Apple Could Add User Authentication to AirPods

Apple is exploring methods to bring user authentication to AirPods, a newly published Apple patent application shows.


The filing seeks to address the issue of AirPods being unable to determine whether a wearer is the authorized user of a connected device. Apple suggests that this can be a problem since any user can place headphones into their ear while they are connected to a device belonging to another person, which risks the connected device releasing personal information, such as via notifications announced by Siri.

The system is able to bypass the need for Face ID, Touch ID, or any other kind of biometric authentication on a separate device, instead using a “similarity score” to verify a user’s identity. This similarity score may be based on multiple variables, such as the proximity of other nearby devices belonging to the connected device’s owner. Nevertheless, Apple says that biometrics could still be used to increase the accuracy of the similarity score. To authenticate a user based on biometrics with AirPods themselves, Apple proposes playing and receiving ultrasonic sounds inside the headphones:

For example, various characteristics of the user’s ear provide an echo of the ultrasonic signal which is unique to the user. Variations in the surface of the user’s ear canal may cause the ultrasonic signal to reflect off the surface and generate an echo having a signature that is associated with the user. For example, a user having a larger ear canal may result in an echo having a longer reverberation time than a user having a smaller ear canal.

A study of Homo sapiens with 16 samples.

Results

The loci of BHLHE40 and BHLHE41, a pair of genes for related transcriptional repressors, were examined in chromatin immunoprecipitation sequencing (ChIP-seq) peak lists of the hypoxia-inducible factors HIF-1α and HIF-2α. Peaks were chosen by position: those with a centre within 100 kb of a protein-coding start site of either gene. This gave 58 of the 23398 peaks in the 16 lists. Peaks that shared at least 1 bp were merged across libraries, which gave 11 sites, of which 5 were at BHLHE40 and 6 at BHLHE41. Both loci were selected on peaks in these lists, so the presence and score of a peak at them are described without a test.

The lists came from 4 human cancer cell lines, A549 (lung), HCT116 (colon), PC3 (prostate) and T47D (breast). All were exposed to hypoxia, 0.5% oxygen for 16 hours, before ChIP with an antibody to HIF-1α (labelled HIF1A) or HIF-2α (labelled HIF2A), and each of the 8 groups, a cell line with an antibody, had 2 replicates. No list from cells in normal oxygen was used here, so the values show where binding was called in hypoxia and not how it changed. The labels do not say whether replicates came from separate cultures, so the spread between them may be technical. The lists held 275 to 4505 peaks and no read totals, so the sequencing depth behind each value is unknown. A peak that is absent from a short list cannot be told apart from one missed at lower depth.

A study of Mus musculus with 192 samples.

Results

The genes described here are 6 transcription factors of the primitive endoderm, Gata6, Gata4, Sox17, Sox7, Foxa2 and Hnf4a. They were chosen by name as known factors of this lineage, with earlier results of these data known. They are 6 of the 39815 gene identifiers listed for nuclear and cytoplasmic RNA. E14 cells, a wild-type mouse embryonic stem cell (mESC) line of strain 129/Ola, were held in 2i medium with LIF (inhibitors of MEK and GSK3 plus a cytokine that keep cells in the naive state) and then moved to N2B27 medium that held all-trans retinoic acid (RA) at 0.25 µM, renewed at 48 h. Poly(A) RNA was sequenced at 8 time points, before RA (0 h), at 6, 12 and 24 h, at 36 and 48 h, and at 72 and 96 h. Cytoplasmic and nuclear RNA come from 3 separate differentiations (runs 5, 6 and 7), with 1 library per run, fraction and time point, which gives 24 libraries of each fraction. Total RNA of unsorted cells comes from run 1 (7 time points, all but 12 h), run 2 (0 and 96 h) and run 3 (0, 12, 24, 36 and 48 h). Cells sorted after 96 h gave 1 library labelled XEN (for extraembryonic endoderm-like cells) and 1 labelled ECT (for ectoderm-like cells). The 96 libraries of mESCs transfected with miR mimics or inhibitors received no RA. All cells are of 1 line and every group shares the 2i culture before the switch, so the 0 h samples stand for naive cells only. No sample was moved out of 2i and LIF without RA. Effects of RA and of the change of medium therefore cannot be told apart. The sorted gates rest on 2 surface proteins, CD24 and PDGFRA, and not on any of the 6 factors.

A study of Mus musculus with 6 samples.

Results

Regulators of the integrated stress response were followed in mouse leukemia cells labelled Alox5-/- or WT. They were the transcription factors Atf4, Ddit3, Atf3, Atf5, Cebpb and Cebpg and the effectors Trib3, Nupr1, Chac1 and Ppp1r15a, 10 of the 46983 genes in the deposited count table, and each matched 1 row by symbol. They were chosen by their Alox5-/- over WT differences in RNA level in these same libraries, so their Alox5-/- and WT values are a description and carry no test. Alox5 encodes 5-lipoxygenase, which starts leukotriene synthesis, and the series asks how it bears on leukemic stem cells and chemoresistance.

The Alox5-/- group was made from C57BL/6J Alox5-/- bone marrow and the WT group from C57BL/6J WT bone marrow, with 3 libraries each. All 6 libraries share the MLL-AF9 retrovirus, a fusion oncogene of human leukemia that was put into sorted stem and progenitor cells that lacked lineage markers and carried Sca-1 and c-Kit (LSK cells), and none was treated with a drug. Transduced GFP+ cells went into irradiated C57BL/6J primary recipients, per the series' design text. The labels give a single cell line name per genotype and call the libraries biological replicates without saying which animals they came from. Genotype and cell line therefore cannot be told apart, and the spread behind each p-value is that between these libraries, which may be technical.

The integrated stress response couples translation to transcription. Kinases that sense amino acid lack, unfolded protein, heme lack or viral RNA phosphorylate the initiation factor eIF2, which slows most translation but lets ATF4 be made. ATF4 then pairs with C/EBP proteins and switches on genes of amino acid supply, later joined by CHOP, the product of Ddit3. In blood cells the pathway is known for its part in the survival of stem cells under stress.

Apple adds that AirPods could also use information gathered about a user’s gait and voice from the AirPods’ gyroscopes, accelerometers, and microphones to determine if they are the owner of the connected device. Collectively, these various data points provide an overall similarity score that could authenticate users if it reaches the required threshold.

Apple often adds new features to existing AirPods devices using firmware updates, such as support for the Find My network, Conversation Boost, and Spatial Audio, so seems it plausible that AirPods user authentication could theoretically be added in a future update. Patent filings are not representative of Apple’s immediate plans, but they do show some of the company’s specific areas of research and development.

Other recent Apple patent filings included designs for all-glass iPhones and Apple Watches, a removable MacBook key that works as a mouse, and a hydration sensor for the Apple Watch.